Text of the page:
You recognize the value of investing and you’d like to build a stock portfolio. That’s about all you know about the stock market. As a beginner, you have a lot to learn, and while you could certainly hire a broker to guide you, there are quite a few things you should learn on your own so that you can at least understand what is happening. Here are some things to keep in mind as you begin exploring.
Understand the Nature of Investing
When you invest your money in the stock market, you’re taking serious, calculated risks with your money. There are large banks and corporations that consider investing to be a very competitive aspect of the business world. In short, investing is not something you can take lightly or consider a hobby. You need to look at every potential investment seriously, asking yourself whether it will make or lose money.
Measure Risks Carefully
A lot of research goes into choosing stock investments. You’ll want to maintain a humble attitude and review high risk investments carefully. Don’t jump on the bandwagon and invest in a brand new tech company just because one of the owners has a prestigious reputation. You’ll be surprised and sorry when that business tanks. High risk investments aren’t necessarily things you have to avoid altogether, but they should be weighted carefully. Never give more than a percentage or two if your working capital to a high risk investment. In short, never invest more than you can afford to lose.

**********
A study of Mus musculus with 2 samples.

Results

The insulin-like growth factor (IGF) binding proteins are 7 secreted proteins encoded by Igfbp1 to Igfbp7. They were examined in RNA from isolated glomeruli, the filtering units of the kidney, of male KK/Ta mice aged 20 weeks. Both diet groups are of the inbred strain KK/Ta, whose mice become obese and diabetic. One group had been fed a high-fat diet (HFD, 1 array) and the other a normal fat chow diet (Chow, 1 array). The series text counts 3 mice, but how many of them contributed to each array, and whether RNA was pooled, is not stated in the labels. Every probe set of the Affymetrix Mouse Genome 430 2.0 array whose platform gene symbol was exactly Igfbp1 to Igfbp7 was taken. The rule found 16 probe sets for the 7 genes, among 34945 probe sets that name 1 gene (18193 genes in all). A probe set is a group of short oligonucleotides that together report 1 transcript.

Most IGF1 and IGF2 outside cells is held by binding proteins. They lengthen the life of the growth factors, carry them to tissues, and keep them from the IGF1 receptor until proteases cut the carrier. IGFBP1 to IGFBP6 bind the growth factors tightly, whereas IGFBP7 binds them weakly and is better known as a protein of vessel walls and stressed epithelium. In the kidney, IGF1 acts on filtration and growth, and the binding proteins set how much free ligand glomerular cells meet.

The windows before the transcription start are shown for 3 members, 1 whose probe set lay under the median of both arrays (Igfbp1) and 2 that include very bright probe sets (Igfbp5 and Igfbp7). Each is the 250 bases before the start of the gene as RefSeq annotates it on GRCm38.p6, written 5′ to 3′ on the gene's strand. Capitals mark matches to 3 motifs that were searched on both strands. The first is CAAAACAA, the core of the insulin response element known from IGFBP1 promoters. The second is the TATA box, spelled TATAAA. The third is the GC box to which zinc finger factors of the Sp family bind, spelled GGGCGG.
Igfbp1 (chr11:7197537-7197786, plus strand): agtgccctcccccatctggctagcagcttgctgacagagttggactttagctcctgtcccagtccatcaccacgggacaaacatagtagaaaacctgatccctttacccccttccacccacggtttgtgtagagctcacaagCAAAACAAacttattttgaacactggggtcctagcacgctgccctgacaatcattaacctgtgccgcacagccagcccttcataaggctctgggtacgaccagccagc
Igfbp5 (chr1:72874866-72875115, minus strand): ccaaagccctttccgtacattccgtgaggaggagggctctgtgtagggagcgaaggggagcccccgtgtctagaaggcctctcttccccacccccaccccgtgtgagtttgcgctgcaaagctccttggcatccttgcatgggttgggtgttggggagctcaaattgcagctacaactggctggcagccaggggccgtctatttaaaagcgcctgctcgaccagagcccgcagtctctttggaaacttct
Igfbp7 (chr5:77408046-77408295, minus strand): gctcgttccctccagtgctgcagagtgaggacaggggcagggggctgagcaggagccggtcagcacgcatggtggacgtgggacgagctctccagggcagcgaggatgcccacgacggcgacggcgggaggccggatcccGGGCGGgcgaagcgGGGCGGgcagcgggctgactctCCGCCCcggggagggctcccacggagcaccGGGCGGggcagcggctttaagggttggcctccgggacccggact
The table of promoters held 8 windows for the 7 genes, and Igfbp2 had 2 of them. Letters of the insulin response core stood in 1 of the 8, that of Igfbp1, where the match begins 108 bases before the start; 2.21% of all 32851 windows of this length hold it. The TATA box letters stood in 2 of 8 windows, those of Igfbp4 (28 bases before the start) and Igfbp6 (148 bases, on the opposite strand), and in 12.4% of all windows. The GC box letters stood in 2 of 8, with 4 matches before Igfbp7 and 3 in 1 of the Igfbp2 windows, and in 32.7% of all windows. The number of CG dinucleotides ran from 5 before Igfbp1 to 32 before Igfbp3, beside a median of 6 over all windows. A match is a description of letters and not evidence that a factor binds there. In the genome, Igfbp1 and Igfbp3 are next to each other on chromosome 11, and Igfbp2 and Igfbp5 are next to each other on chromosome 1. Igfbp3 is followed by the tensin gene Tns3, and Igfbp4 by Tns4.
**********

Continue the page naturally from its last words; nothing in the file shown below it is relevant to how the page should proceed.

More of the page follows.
Don’t Trade Too Frequently
A lot of beginners get nervous when they start investing and they buy and sell their shares too frequently. They might be listening to advice from television or they may have more experienced (albeit sometimes not always brilliant) investors telling them what to do. Buying and selling too frequently will only lose you money because your broker takes a fee every time you make a move. Set your own stop points and stick with them no matter what other people tell you to do.
Practice Makes Perfect
You’re going to read a ton of books and listen to a lot of guru information and you’ll definitely feel confused. Start by trading on paper – in short, practice trading without actually investing. You can do this on your own or you can play a stock market game to gauge your own judgment levels in terms of good choices, analyzing information, and when to buy and sell. Once your comfortable in your abilities, you can try your first real investment.
The stock market isn’t something to take lightly. It’s made a lot of people good money, but it’s also caused a lot more people to lose their hard earned cash because of bad decisions. Work it carefully and you could build a nice portfolio.